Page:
My work, as I have mentioned before, exposes me to situations and people that can be very challenging. Racism, bigotry, hatred and ignorance are the things that fill my work days. It can be draining some days to even open my filing cabinet or turn on my computer at work. I know I am going to spend another day examining the darker side of human interactions, rolling around in hate and intolerance until the stink of it fills my nostrils and makes me want to scream or punch out.
Enter S. Bear Bergman.
Bear, and hir husband j wallace, came to my office when one of my colleagues encountered them at a health and sexuality conference in Ottawa (or maybe Toronto, its been a while). Bear immediately captured the audience’s attention by beginning hir talk with “In a male to female trans surgery, the penis is split lengthwise and the internal tissue is scooped out.” Needless to say, ze got our attention. Bear laughed and joked that the comment always stops the chatter in the room and makes most of the men in the room squirm. Bear was right.
For those of you who don’t know, Bear is a writer, advocate and storyteller. Bear’s books Butch is a Noun and The Nearest Exit May be Behind You are about gender issues, gender identity, gender bending and life as a gay/lesbian/trans/queer person. At least, that’s what they are about on the surface.
My wife recently brought home a copy of The Nearest Exit May be Behind You and I started reading it on the bus last night. My seatmate gave me some very odd looks indeed. I don’t know whether it was the laughing out loud or the crying that did it. I am pretty sure she thought I was having a melt down of some sort. I gestured to the book a couple of times, as if to explain that it was the cause of my emotional rollercoaster, but I think she just thought I was having some sort of shaking fit.
Bear’s book establishes just why ze is such a successful storyteller, and makes such a wonderful advocate for the queer community, hell for humanity as a whole. Bear’s stories and experiences remind us that we’re all, in our hearts, the same. We all want to be loved and accepted. We all want to be recognized for the work we do, and helped when the work gets too hard. Bear reminded me that we need to stop and help each other out - not just when its convenient, but when people need us. Bear reminded me of the importance of family, and made me think about the ways that we define family, and what that means to me.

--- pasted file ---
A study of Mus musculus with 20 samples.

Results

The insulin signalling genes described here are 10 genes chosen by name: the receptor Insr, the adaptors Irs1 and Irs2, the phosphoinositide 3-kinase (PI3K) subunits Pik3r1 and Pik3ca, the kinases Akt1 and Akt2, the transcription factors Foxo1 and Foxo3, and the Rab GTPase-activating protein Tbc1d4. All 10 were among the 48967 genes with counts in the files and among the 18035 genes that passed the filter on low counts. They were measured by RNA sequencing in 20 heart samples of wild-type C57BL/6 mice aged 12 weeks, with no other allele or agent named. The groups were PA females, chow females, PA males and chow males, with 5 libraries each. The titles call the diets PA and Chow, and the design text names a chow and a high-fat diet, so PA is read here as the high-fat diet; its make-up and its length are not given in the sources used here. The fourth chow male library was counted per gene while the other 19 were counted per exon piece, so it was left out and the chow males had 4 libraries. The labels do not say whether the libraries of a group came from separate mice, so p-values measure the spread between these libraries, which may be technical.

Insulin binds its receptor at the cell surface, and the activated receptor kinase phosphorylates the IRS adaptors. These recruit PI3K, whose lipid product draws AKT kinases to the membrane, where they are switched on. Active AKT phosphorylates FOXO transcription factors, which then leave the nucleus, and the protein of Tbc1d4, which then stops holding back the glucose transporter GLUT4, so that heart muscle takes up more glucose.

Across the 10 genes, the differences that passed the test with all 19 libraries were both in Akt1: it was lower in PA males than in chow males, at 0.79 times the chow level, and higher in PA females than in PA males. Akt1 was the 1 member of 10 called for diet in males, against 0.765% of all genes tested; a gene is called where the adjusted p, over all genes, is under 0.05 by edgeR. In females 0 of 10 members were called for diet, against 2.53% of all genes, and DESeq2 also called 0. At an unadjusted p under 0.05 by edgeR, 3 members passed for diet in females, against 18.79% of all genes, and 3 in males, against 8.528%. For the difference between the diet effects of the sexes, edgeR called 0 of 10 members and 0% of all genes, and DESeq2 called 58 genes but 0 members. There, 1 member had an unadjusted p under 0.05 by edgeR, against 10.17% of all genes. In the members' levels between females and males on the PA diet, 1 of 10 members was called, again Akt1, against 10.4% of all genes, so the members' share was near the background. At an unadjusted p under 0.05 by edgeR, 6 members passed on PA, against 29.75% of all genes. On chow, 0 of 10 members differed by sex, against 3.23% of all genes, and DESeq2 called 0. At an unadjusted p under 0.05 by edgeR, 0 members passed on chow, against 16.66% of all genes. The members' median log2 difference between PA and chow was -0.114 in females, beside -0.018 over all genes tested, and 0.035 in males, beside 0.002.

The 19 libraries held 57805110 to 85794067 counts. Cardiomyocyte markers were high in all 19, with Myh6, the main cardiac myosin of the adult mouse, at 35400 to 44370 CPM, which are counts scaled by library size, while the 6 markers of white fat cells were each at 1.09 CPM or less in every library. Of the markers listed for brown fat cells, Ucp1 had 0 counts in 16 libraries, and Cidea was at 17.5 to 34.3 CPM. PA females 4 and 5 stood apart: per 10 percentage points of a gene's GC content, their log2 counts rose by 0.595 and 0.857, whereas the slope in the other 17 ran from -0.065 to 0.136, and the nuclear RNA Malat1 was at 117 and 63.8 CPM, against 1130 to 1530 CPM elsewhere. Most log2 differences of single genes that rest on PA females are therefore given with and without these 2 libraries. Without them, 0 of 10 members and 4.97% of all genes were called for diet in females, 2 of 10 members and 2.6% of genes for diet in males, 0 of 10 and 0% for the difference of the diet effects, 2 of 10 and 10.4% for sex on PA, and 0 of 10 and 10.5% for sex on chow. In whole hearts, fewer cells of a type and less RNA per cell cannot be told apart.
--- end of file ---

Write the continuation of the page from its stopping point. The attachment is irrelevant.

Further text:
Most of all, and its for this reason that I am writing this blog, Bear reminded me that the sorts of situations I deal with on a daily basis are not the truth of all humanity. Many people, maybe even most, are good, decent, caring human beings. There are people out there who are fighting for equality and the rights of themselves and of others. The world is getting better, making strides forward. Sometimes it can be hard to remember, and sometimes it seems like we’re backsliding, but when I read Bear’s book, and listened to hir and j wallace speaking in my office boardroom, I knew that things were going to keep getting better. With outstanding people doing amazing things every day, the future looks brighter and brighter every day.
I don’t usually shill products - not since I left sales on that fateful day so long ago - but I can’t say strongly enough that these books should be read by everyone. They are both available at Venus Envy here in Halifax, and online from Amazon and Chapters (or at least I found them both there). Go and get them. If you can’t afford them, let me know and I’ll lend you my copy.
I also know that some of the terminology above may be new to some folks. “Ze” and “hir”??? What the hell is that you ask? I am pleased to answer. Bear, and presumably other folks in the queer / trans community, are challenging the way we identify people by gender, after all, what is gender really? Ze and hir are gender neutral ways of using pronouns, plain and simple. If only all our gender based battles could be solved so easily!
That said, I note that in Bear’s “Pre-approved version” to be used for introducing hir at a speech or presentation, Bear is now using the pronoun “he.” Not being sure which version is more up to date (as gender identity and expression can and do change for some people) I decided to err on the side of caution. Which is unusual for me, I know.
Either way, I just wanted to say “Thank you Bear” (and I am sending an email at the same time to say it to Bear’s face) for being a good person, for reminding us to look past our preconceptions and for challenging the world to do better, to be better.
As I tell my sons all the time - “You can do it!”